Blink LED is a very first step for beginners. You can learn how to connect each electric component and control it with minimum numbers of components and a small chunk of code.
|Table of contents|
The necessary parts and tools are here. The selection of resistor depends on LED’s Vf (forward voltage). You can usually find the value on its specification/catalog.
|Red LED||1||Vf = 2.0 V|
|Breadboard jumper wire (male-female)||2|
1. GPIO pin layout
GPIO (General Purpose Input/Output) is an interface for Raspberry Pi to be connected with any external devices. Raspberry Pi 3 has 40 pins. Each pin is assigned different function. Wrong connection could cause failure. Thus you have to be careful when you connect your device with GPIO. The pin layout is not printed on the Raspberry Pi board. So this will be handy when you do electric works with Raspberry Pi 3.
2. Hardware setup
There are several ways to blink LED. Here is how I did. I cut the wire of the parts because they were a bit long to fit my breadboard. You have to be careful when you cut the wire of LED. Anode wire is longer than cathode. If you cut them in the same length, you will be confused. When you see this map, you may notice two important points: GPIO 25 and 330 Ω.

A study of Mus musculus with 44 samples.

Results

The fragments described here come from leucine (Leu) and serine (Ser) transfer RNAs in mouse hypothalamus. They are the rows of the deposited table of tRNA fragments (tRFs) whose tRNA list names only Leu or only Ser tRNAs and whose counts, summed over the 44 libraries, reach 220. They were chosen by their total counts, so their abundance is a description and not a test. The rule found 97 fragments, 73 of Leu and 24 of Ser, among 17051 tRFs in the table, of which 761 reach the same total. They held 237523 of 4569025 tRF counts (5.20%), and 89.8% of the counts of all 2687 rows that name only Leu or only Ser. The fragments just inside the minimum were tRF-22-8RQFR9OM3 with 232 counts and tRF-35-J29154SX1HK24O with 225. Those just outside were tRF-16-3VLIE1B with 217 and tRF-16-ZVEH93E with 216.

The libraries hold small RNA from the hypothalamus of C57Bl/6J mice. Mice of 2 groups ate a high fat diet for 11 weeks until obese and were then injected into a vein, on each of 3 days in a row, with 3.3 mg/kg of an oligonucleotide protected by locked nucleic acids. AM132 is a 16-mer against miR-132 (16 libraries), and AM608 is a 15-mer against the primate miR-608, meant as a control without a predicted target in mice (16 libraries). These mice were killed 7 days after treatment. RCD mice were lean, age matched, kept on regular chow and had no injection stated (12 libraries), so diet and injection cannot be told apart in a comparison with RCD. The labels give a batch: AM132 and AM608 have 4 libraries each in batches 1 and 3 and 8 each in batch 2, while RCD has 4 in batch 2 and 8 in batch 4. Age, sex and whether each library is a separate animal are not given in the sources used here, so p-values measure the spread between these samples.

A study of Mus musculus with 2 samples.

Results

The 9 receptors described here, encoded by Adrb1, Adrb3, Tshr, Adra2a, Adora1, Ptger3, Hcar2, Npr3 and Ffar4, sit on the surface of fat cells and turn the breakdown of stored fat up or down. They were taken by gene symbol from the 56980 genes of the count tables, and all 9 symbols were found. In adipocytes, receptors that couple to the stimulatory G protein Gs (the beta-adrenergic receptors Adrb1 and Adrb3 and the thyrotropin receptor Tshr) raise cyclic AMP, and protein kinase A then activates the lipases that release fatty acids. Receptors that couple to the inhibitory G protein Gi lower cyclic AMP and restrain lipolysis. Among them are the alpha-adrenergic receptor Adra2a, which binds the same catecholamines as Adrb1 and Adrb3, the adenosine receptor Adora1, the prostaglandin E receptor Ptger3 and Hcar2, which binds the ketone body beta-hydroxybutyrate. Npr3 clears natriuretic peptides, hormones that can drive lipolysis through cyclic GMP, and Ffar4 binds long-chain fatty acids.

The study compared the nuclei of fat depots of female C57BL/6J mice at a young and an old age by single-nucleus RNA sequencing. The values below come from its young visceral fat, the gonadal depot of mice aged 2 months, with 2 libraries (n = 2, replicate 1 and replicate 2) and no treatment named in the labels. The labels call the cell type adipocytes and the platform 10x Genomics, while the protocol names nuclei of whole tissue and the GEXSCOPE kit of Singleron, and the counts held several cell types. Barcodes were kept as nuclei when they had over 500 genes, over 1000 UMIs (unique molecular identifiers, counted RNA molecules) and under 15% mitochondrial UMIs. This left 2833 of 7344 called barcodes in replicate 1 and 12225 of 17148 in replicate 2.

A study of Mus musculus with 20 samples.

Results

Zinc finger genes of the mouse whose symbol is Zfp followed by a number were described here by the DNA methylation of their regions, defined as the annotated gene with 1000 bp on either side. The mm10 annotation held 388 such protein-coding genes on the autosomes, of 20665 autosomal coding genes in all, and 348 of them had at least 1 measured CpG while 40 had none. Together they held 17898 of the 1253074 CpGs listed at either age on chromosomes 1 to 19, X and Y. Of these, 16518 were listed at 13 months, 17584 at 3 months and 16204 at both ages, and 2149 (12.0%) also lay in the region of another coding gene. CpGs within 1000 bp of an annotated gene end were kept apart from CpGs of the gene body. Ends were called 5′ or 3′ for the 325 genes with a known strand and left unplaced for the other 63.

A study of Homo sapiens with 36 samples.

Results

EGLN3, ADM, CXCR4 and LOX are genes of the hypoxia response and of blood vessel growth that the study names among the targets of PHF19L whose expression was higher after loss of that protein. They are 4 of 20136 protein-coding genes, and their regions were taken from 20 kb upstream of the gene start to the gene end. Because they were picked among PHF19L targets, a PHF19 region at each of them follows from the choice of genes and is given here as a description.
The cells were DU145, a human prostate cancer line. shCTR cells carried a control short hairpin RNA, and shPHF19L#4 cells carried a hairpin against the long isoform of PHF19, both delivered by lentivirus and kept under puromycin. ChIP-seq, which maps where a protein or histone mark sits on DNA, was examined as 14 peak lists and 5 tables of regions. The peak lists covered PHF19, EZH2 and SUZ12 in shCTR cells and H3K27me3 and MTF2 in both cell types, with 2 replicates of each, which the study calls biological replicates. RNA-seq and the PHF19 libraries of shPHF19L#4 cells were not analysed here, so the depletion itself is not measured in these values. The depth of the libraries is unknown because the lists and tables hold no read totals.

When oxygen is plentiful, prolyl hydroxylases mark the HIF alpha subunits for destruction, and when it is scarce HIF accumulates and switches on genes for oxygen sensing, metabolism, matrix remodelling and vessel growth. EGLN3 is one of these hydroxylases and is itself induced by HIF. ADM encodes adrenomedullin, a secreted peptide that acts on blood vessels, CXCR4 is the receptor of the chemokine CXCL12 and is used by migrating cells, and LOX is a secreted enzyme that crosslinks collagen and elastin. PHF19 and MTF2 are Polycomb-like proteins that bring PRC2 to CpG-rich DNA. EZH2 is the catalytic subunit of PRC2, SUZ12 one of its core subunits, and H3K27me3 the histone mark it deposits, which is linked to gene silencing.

- GPIO 25
While LED cathode is connected to PIN#6 (GND), LED anode is connected to PIN#22 (GPIO 25). GPIO 25 is connected to SoC(BCM2837). SoC can control the output voltage of GPIO 25, either HIGH or LOW. It’s 3.3 V when it’s HIGH, while it’s 0 V when it’s LOW. You can put voltage on the anode by writing some codes.
- 330 Ω
This value is decided based on the forward voltage (Vf) of LED. It’s 2.0 V on my LED when the current is 20 mA. It could be broken if you put voltage larger than Vf. Thus you need to put a resistor to decrease the voltage. You can know how I selected a resistor below.
GND-GPIO 25 = 3.3 V
Vr (voltage put on a resistor): 1.3 V (3.3 – Vf: where Vf = 2.0 V)
When current flows in the circuit is 20 mA
R (resistance value) : 1.3/0.02 = 65 Ω
Thus, as far as you use a resistor larger than 65 Ω, it should be okay! But if your resistor is too large, LED will be very dark. I used 330 Ω and set up like this.
Here is the code. I use Python 2.7.12. You can run the program simply “Run”>”Run Module” from the editor cab stop it by pressing “Ctrl+C”.
import RPi.GPIO as GPIO
from time import sleep
#Use GPIO number instead of Pin number
#Make GPIO 25 output
#No error occurs when Ctrl+C is pushed.
This is my first work. It’s simple and easy but I still learned how I integrated H/W and S/W. I just needed to be careful when I connect the wired with GPIO to avoid wrong connection.
I referred a Japanese book. I’m afraid that most of people cannot read it. But you can still find the H/W setup in it.